Rebuilding the Troops
For wounded soldiers, the military's Institute of Regenerative Medicine offers dramatic new ways to heal
Skin guns. Organ printers. Pig dust. Biochemist Alan Russell believes tools like these could one day be standard-issue for the battlefield medic. The skin gun would heal burns. The organ printer would replace badly wounded livers, kidneys, even hearts. And the pig dust? That could help regrow body parts for the estimated 1,000 veterans who have come home from Iraq and Afghanistan missing them. It’s all part of the vision of the $250-million Armed Forces Institute of Regenerative Medicine (AFIRM), a consortium of 30 research institutions established in March by the U.S. Department of Defense. Russell, who directs the University of Pittsburgh’s McGowan Institute for Regenerative Medicine, will help lead AFIRM’s efforts to develop therapies for the regeneration of bones, muscles, tendons, nerves and blood vessels, as a way to heal wounded soldiers faster and more effectively than with conventional treatments.
Growing an Ear
The idea of regrowing limbs sounds “kind of Star Trek-y,” Russell admits, but he says that it’s within the grasp of science. He points to his colleague at McGowan, Stephen Badylak, a pathologist and fellow AFIRM researcher, who shocked the medical world last year when he reported that a powder culled from pig bladders helped resprout the severed fingertips of two patients in their 60s. Normally, when a person loses a limb, scar tissue forms over the wound, leaving a permanent stub. The pig powder contains signaling molecules that attract cells and proteins known as growth factors and override the scarring process, telling the cells to grow instead. (Badylak settled on pigs because their molecules are similar to those found in humans and easy to obtain.) The pig dust was so effective that, with just a light dusting every other day for two weeks, the fingertips grew back entirely—fingernails and all—six weeks later, Badylak reported. For already scarred-over limbs, researchers have developed an enzyme that eats away scar tissue so they can dust the healthy cells below. With AFIRM’s backing, Badylak next hopes to figure out how to stimulate the growth of more complicated muscle tissues found in arms and legs.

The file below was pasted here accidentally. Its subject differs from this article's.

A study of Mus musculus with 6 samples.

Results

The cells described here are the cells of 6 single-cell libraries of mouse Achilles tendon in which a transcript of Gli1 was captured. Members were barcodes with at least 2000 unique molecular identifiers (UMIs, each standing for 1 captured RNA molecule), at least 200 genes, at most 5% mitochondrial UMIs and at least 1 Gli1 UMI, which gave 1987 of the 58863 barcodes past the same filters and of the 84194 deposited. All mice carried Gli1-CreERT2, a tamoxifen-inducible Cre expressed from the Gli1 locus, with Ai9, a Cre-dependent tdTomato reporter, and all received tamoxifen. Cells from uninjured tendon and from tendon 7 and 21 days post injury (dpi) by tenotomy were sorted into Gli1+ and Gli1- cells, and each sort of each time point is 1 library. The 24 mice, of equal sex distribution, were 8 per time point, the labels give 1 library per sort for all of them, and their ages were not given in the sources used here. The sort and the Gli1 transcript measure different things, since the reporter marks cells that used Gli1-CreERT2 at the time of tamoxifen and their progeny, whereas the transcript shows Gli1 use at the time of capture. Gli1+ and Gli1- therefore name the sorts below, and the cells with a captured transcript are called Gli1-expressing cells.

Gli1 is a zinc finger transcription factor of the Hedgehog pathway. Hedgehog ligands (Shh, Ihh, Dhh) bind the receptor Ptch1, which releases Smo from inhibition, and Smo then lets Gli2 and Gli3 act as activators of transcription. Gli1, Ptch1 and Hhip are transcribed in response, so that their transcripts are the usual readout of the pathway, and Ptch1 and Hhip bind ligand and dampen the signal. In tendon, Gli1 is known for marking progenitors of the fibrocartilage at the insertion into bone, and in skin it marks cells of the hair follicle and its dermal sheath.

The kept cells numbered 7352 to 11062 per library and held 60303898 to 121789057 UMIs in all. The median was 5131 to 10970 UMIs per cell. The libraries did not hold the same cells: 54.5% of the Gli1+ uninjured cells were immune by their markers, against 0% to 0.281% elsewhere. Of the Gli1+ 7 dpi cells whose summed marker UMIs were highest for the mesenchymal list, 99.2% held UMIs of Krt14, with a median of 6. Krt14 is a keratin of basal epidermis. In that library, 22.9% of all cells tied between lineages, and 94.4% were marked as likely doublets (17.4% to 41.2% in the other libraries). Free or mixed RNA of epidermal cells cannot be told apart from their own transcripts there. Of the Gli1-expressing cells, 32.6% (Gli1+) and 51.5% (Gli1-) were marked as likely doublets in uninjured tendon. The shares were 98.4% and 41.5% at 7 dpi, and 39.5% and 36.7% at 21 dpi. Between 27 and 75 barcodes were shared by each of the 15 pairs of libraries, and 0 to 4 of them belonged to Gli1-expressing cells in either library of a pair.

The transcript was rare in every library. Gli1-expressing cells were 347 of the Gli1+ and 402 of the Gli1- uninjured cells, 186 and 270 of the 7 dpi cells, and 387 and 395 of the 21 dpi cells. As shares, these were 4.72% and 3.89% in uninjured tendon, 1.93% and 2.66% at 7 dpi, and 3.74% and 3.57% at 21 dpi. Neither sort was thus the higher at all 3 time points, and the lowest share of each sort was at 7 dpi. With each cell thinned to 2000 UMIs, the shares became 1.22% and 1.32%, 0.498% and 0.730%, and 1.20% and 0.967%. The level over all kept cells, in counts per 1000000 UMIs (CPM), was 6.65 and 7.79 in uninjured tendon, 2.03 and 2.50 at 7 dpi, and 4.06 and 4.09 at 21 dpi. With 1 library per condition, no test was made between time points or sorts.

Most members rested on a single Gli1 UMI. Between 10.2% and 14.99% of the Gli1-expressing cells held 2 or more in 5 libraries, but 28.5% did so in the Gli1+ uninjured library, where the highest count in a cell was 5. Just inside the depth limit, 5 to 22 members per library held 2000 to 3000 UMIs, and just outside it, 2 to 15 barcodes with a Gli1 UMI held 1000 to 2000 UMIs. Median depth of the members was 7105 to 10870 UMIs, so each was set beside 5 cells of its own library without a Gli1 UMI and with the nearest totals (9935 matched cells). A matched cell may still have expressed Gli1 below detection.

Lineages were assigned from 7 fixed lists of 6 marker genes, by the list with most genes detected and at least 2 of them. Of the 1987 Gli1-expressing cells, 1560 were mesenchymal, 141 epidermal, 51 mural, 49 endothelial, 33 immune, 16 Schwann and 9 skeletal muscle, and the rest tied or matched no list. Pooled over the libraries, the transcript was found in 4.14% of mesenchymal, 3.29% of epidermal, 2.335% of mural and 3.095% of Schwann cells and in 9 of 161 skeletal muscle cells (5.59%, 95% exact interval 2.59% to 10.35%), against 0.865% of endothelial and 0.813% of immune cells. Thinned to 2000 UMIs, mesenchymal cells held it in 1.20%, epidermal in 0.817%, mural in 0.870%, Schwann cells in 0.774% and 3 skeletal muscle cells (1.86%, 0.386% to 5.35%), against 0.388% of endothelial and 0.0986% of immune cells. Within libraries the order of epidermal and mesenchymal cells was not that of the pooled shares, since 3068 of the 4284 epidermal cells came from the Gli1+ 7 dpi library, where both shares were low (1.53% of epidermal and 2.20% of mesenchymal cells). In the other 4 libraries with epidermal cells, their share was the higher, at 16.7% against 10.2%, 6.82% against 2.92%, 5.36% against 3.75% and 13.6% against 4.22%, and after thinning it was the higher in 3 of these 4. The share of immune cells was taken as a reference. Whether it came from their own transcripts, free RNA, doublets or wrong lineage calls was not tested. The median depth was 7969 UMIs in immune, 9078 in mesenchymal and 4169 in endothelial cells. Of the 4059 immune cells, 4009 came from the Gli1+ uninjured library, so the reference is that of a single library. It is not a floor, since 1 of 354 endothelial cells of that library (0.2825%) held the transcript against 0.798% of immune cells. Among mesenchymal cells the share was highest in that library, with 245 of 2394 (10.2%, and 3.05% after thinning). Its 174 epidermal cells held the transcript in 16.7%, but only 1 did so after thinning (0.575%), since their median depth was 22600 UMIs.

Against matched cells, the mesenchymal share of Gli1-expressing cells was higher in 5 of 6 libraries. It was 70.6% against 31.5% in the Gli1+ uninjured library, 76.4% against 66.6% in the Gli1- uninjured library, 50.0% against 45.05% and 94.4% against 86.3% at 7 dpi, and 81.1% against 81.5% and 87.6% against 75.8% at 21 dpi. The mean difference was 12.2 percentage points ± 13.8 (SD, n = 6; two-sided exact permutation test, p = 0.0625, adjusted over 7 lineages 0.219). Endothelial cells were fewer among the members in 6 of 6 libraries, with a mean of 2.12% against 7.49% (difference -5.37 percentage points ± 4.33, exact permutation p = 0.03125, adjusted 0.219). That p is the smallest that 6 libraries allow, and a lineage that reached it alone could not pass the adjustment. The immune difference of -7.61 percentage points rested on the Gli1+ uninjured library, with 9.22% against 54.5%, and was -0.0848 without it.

AFIRM’s stem-cell gun for burns
AFIRM won’t stop at salamander-like limb regeneration. For injuries to organs, Wake Forest University tissue engineer and AFIRM researcher Anthony Atala (who nabbed this magazine’s 2006 Best of What’s New Grand Award for his artificial bladder) is building an inkjet printer capable of creating an entire organ on demand. The device uses cartridges filled with cells from various types of tissue, along with a mix of growth factors and special nutrients, to “print” organs layer upon layer. The printer has so far managed structures as complex as a rudimentary rat heart. Within the next five years, Atala aims to build a portable version for the battlefield that will print layers of skin tissue directly onto deep flesh wounds. For surface wounds, such as burns, the consortium is developing a handheld spritzer that sprays a thin layer of immature skin cells over the wound. These cells, called keratinocytes, are extracted from the patient’s skin and stimulate healing in the wound. In a recent clinical test of the gun on 16 burn patients, all showed “excellent healing” after one to three weeks. The conventional approach of grafting, in comparison, takes just as long but requires three times as much skin and often results in patchwork scarring.
The Pentagon’s five-year investment in these and other regenerative techniques is based on military needs, but the end goal is to help soldiers and civilians alike. “Conventional medicine cannot return people to the way they were before,” Russell says. For amputees, “readjusting to a new reality is not acceptable.”